The City is a Home: Building social infrastructure with rough sleepers
Throughout the past three years I’ve been working in a variety of health and social care settings as a consultant and community storyteller. I’ve met a lot of voluntary and public sector organisations working with people experiencing homelessness in the UK and felt inspired by their work.
Recently, Sadiq Khan called for an increase in social housing in London to help prevent the 18% ‘record rise’ in homelessness in the UK’s capital. Social housing is certainly a huge part of any solution that seeks to ensure that homelessness is an experience that is temporary. Other solutions come through social enterprise and one example is Invisible Cities (est. 2016) who have trained, employed, and empowered people experiencing homelessness to give tours of cities to members of the public and tourists.
Invisible Cities began in Edinburgh and now operate in Glasgow, Manchester, and York as well. Their unique 3 step training programme that captures how they take a person isolated on the streets and help them gain the confidence to take a group of tourists around their city which not only highlights monuments and famous sights but also adds the personal nuance of showing a group of strangers what in the city is important to them.
Invisible Cities are also working in the collaborative spirit, teaming up with street barbers in Edinburgh to ensure that men experiencing homelessness have access to haircuts and toiletries as well as providing pampering days for women.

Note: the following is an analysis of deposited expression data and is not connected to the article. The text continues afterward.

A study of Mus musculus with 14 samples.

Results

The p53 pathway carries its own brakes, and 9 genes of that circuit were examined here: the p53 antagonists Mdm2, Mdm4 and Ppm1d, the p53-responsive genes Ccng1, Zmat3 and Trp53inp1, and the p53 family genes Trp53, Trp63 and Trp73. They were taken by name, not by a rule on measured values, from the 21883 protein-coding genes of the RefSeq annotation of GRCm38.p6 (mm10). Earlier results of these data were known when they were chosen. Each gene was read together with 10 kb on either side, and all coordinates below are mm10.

What is inspiring is the way that Invisible Cities encourage us to change our perspective of a city. The city, here, functions – as it should – as a source of employment, community, and support. Those who have to endure sleeping rough are forced to make the streets their home, but through initiatives like Invisible Cities, that experience of the city as a home can be turned into something positive, through training and employment, all whilst aiding the pursuit of secure housing.
In the context of what Aditya Chakrabortty has recently called ‘an infrastructure breakdown’ in the UK, through his astute journalism that linked the blackout earlier this Summer with the closure of many spaces of public gathering such as pubs and libraries, Invisible Cities are changing our relationship with the infrastructure of the city. As much as they make us aware of the cost of this breakdown of infrastructure (the experience of homelessness guides you through the city), they also open the door to progress and to a future where that journey (the tour) builds its own infrastructure through social enterprise, collaboration, and compassion.
Photos and Videos by Invisible Cities.